The Baker Orange

NERDS program stresses leadership

Story by Brenna Thompson, News Editor


In previous years, Baker had a similar program called Summer Bridge. The NERDS program is based heavily on Summer Bridge, but it emphasizes leadership skills and includes a week at an Outward Bound school in Colorado.

Quest Program Chair Carrie Coward Bucher is in charge of the NERDS program and said it has a different approach and is focusing more on grit and leadership.

“We are trying to highlight the notion that we are lifelong learners,” she said. “We are interested in things no matter where in the world we are.”

The students will have a choice of two classes, Human Genetics and Digital Media, which will each earn the students three college credits. The Human Genetics class will be taught by Associate Professor of Biology Erin Morris. The Digital Media class will be taught by Associate Professor of Mass Media Dave Bostwick.

Morris said you do not have to be committed to or even considering Baker to participate in the program.

“It’s not ‘come to Baker and prepare to be at Baker,’ it’s ‘come to Baker and prepare to be a leader,’” Morris said. “The best thing about this opportunity is the challenge of a college course that’s going to prepare them to be successful in college before they get to college.”

Robyn Long, assistant professor of psychology, worked with the previous Summer Bridge program and said the most important aspect of these programs is to give students the an opportunity to spend time in a college environment.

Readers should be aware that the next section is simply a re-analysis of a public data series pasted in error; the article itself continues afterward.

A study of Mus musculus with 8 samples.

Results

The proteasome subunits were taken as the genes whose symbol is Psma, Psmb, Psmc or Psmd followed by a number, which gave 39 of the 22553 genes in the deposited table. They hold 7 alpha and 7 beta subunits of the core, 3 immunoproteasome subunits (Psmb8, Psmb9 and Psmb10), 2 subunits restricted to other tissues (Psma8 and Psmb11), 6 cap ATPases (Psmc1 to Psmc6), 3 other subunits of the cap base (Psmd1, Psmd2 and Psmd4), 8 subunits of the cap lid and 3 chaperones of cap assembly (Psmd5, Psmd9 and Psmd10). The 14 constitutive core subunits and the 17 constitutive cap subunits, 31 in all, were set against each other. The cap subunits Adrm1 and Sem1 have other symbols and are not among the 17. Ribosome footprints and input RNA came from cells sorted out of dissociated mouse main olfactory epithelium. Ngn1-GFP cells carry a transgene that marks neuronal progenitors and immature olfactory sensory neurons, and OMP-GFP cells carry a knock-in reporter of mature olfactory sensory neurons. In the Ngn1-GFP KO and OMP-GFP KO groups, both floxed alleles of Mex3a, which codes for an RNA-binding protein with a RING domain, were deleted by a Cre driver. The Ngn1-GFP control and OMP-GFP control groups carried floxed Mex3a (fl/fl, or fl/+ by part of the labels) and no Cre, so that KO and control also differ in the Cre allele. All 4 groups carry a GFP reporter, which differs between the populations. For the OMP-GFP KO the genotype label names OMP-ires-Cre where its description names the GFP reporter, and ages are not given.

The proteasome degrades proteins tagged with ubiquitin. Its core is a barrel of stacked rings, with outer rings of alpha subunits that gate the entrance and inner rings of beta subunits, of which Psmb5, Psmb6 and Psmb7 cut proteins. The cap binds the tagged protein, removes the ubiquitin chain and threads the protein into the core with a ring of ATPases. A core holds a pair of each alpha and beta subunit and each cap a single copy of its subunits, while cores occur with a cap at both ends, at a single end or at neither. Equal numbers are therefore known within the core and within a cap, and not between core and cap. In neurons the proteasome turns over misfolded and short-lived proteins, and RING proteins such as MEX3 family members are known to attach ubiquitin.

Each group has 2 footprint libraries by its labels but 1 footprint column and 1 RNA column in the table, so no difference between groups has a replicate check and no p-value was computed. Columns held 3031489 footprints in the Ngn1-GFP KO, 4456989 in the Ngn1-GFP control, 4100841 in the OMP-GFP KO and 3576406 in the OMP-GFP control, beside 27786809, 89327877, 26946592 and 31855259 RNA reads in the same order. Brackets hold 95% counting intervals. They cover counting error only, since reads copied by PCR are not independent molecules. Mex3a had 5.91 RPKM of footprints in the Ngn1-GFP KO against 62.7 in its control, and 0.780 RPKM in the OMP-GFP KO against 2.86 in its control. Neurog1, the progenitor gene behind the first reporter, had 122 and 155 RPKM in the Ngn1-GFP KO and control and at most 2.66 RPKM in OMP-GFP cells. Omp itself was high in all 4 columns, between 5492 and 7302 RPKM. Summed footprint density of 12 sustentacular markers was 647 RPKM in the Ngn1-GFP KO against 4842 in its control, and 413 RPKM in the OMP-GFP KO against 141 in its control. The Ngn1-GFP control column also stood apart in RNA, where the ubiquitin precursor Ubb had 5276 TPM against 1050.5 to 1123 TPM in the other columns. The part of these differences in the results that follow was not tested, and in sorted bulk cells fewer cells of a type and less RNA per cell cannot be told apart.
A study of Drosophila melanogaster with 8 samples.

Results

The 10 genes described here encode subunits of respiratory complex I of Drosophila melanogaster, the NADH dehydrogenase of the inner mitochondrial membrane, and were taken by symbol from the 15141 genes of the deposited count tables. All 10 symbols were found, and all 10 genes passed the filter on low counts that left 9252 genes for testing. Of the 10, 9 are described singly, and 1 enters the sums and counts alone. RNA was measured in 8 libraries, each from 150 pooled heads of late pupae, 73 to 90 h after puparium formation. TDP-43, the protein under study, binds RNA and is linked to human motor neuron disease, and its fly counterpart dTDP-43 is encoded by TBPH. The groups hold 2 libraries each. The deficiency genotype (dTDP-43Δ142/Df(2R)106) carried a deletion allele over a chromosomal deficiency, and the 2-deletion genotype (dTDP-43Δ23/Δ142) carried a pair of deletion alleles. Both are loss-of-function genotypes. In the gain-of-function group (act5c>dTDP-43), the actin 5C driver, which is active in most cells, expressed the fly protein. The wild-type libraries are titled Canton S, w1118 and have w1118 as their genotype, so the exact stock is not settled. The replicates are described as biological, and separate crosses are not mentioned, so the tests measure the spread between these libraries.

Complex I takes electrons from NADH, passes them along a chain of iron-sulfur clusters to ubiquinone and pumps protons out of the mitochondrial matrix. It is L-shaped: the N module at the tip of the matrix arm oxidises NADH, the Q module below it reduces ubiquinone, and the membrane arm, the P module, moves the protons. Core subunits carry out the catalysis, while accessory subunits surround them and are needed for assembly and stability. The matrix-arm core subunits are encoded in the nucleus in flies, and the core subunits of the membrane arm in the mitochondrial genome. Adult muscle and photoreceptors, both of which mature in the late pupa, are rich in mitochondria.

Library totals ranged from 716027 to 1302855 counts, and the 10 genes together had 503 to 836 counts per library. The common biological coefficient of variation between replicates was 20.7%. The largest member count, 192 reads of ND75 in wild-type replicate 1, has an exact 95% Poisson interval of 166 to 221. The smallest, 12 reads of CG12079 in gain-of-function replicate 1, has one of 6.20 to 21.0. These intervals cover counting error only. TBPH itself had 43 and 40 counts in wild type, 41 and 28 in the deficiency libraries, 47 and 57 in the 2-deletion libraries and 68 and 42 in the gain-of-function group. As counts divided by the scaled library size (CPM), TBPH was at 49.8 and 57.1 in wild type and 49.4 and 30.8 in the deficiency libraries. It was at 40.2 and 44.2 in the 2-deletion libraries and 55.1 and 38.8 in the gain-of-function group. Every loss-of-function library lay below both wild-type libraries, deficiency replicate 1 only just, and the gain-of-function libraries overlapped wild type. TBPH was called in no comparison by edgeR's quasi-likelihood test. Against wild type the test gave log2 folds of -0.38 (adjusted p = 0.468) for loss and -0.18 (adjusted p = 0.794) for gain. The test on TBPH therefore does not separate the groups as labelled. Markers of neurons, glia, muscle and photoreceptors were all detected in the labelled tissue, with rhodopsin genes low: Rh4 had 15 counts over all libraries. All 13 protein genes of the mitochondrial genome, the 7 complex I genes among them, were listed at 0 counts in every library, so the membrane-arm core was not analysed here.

“If you don’t have anyone around you whose been to college, you don’t have all that scaffolding and structure,” Long said. “So I think the credit is a really valuable piece, but I think it’s about the bridging transition period that is so valuable.”

The program will last one month, from June 1 to July 1.

Bucher said the students will be living in the New Living Center and attending class in Baldwin City for 10 days before leaving for Colorado, where they will stay for a week. Upon returning, they will spend the remaining time back in Baldwin City.

Bucher said the Colorado Outward Bound school is nationally recognized will enrich the student’s ability to be self-reliant. The students will be participating in nature-based activities such as hiking and rafting, as well as camping five nights.

“I see so many smart, good and intelligent students who don’t see how smart, good and intelligent they are,” Bucher said. “I want to encourage young people to have the confidence in themselves to know the fullness of their awesomeness and really embrace it and chase it.”

Morris said this experience will prepare them for the academic rigor of college but develop leadership skills they can utilize outside of the classroom.

“Student life is more than just academics, and learning how to use those skills that are applicable in both extracurricular activities and in the classroom will be extremely helpful,” Morris said.